As with other titles in the Pearls and Pitfalls series, this book is a reference for those uncommon clinical diagnoses, artifacts, and other confusing or strange entities that are not typically covered in standard textbooks. This is not a collection of the classic cases that are so often encountered during board review or in continuing education materials. Rather, this title focuses on challenging scenarios and entities that we often encounter in day-to-day clinical practice but are not widely described or discussed in the broader radiology literature.
This collection of cardiovascular pearls and pitfalls is intended for imagers from the trainee level to the senior clinician in practice. It is intended to help one who encounters a cardiovascular finding that just doesn't seem right, but can't exactly put his or her finger on it. These are not your typical “Aunt Minnie” cases, but rather true-to-life cases that can result in real interpretive problems for the radiologist. In this book, we have tried to include cases that we think are clinically relevant and likely to be encountered by the practicing imager, rather than focusing on the rare zebra that may never be encountered within the career of most imagers.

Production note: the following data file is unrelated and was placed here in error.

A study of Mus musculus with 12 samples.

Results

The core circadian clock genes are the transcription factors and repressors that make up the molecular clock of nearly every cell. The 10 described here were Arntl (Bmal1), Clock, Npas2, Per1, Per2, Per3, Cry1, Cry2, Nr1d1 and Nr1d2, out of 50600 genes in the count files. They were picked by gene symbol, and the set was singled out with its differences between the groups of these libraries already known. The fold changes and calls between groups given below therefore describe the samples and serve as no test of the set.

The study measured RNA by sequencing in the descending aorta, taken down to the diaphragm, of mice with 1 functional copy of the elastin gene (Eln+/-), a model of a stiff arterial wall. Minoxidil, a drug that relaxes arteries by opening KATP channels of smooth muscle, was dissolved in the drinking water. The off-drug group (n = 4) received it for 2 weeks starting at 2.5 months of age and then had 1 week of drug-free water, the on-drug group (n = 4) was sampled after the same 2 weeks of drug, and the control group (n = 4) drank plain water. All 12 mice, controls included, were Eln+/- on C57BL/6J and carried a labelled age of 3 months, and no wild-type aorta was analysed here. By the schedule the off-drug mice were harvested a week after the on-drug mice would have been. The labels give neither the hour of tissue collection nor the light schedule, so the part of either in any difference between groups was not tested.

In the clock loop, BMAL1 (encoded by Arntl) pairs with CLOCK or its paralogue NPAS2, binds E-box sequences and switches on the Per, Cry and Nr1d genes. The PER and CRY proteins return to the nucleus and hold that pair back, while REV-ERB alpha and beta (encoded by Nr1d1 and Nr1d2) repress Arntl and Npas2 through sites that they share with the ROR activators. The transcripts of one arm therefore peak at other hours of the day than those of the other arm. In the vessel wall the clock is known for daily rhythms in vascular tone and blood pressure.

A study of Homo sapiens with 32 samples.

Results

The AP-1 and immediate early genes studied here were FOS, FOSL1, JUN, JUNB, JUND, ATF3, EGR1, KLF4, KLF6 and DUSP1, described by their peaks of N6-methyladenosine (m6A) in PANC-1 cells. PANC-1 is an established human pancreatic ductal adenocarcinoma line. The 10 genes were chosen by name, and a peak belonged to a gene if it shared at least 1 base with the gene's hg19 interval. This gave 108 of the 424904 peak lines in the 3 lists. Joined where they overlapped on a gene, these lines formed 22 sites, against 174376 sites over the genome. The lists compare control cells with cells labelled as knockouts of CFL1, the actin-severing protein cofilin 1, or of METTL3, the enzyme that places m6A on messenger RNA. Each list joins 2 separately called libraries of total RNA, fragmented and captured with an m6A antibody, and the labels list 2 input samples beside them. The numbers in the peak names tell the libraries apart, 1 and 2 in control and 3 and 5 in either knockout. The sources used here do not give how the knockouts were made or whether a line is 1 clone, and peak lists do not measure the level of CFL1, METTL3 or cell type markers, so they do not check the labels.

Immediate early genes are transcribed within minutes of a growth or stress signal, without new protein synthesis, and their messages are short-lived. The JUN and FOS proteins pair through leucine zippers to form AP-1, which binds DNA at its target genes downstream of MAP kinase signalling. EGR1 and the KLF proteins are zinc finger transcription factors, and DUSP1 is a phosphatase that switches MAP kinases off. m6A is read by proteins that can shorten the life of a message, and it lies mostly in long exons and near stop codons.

Within, we have included examples of uncommon appearances of common diseases, benign lesions that can be misinterpreted as something more sinister, and pseudolesions due to technical artifacts. We have focused on the modalities of cardiovascular MRI and CT. While there is certainly a wealth of potential pitfalls in cardiac echocardiography, we thought this was beyond the scope of the current publication.
The cases are organized broadly into a mix of anatomic groups, categories of pseudolesions, and types of artifacts. Each case features one or several clinical examples collected by the authors as well as a short explanatory text focusing on the typical imaging findings, clinical relevance, and differential diagnosis.
We have greatly appreciated the opportunity to share our broad clinical experiences through compiling this quite het- erogeneous but highly informative group of cases.